Synopses & Reviews
A handsome horse with a glossy black coat and a pretty white star on his forehead, Black Beauty seems to lead a charmed life. Although his mother warns him that there are "bad, cruel men" in the world, he begins his life in a happy home, with a friendly groom to look after him and plenty to eat. However, when a change of circumstances means that he is sold, he soon discovers the truth of his mother's words. Anna Sewell's moving story is one of the best-loved animal adventures ever written.
Puffin Classics: the stories you love, the name you trust.
The handsome horse Black Beauty begins his life in a happy home, until a change of circumstances leads him to learn about a crueler side of life. Black Beauty is the ultimate classic novel for horse fans of all ages. Our Puffin Classics edition features an introduction by award-winning author Meg Rosoff.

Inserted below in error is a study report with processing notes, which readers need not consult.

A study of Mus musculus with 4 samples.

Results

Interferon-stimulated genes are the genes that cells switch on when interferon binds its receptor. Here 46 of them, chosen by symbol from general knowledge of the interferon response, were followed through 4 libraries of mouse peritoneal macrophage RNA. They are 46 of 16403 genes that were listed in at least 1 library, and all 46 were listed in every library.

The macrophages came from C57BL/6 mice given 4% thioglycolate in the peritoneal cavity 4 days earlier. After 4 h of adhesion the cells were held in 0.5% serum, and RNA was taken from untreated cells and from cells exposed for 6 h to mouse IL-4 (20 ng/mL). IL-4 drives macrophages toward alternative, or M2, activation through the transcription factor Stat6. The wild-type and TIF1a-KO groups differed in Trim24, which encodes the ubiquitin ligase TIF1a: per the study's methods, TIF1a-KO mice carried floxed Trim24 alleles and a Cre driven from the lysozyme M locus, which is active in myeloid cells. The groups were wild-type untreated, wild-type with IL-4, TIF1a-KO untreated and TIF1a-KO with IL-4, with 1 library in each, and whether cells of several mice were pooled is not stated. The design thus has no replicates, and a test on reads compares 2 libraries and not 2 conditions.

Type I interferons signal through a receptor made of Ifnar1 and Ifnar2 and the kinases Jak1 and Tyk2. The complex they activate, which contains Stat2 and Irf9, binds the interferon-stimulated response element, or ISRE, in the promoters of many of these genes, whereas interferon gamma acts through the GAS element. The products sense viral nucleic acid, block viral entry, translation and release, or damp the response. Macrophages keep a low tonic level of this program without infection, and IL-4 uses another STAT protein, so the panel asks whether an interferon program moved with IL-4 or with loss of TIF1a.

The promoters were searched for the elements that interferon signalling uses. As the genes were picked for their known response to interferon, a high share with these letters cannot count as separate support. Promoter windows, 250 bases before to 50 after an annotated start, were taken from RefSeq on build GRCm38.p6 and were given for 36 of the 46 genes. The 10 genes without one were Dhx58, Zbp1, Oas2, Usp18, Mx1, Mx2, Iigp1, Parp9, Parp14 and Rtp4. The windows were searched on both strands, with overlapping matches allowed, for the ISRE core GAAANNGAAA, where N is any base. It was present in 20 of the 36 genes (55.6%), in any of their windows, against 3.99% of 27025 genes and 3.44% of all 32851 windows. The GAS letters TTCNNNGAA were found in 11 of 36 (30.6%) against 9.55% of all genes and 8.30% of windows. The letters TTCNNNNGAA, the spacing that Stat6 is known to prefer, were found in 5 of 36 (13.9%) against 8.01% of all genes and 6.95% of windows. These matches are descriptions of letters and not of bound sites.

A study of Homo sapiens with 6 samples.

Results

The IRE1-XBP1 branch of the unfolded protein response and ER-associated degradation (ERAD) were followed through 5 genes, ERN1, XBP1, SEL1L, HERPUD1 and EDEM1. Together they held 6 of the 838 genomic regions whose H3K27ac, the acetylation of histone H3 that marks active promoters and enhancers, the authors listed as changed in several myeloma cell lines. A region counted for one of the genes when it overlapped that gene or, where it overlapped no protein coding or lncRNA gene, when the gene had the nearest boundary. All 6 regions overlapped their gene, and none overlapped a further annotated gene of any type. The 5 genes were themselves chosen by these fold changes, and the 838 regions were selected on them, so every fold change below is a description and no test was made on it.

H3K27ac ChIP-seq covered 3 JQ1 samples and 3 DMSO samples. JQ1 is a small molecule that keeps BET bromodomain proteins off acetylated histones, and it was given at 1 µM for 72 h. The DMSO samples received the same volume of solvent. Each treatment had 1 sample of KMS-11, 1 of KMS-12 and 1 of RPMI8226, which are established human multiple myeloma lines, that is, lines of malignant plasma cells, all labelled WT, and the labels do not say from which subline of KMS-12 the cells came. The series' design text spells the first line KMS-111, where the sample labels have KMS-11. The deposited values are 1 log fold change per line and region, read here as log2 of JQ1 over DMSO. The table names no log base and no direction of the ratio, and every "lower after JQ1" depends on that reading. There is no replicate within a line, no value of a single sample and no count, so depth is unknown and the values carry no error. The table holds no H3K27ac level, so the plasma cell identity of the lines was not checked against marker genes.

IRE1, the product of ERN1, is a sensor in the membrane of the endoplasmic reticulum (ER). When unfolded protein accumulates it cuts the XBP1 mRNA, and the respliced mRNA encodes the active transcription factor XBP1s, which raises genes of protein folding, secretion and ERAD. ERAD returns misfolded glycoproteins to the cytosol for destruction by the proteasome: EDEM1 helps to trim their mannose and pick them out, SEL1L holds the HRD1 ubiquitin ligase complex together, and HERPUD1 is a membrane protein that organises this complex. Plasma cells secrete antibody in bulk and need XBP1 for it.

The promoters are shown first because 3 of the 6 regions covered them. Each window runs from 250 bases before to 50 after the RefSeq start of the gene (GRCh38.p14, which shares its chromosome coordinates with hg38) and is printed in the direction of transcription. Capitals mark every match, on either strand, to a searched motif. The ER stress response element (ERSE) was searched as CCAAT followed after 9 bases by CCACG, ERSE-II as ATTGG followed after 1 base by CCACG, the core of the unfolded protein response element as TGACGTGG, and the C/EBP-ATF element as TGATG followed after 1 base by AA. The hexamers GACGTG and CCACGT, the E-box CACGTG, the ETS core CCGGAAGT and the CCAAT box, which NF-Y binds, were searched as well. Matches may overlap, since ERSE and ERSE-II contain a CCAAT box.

When you think classics, think Puffin!
"Looking forward to things is half the pleasure of them."
Marilla and Matthew Cuthbert are in for a big surprise. They're waiting for an orphan boy to help with the work at Green Gables--but a skinny, red-haired girl turns up instead. Feisty and full of spirit, Anne Shirley charms her way into the Cuthberts' affection with her vivid imagination and constant chatter. It's not long before Anne finds herself in trouble, but soon it's impossible to imagine life without her.
About the Author
Anna Sewell was born in Great Yarmouth, Norfolk, England, on March 30, 1820. Brought up in a strict Quaker family, Anna developed a strong interest in horses as a young girl. But a crippling bone disease and a fall in 1834 left her an invalid for most of her life. By her mid-thirties she was severely lame and could only get around in a pony cart, and characteristically she would never use a whip on the animal. In 1871, she was told she had eighteen months to live, and by the end of that year, she had begun her book, Black Beauty, hoping it might make people a little kinder to their faithful horses. Although she was seriously ill, she lived long enough to finish her book and see it published in 1877. On April 25, 1878, she died at her home in Old Catton near Norwich, England. Black Beauty, an enormous success from its first appearance, was soon adopted by the Society for Prevention of Cruelty to Animals and used to improve the conditions of horses everywhere.
Meg Rosoff is the author of the Michael L. Printz Award-winning book How I Live Now and Just in Case.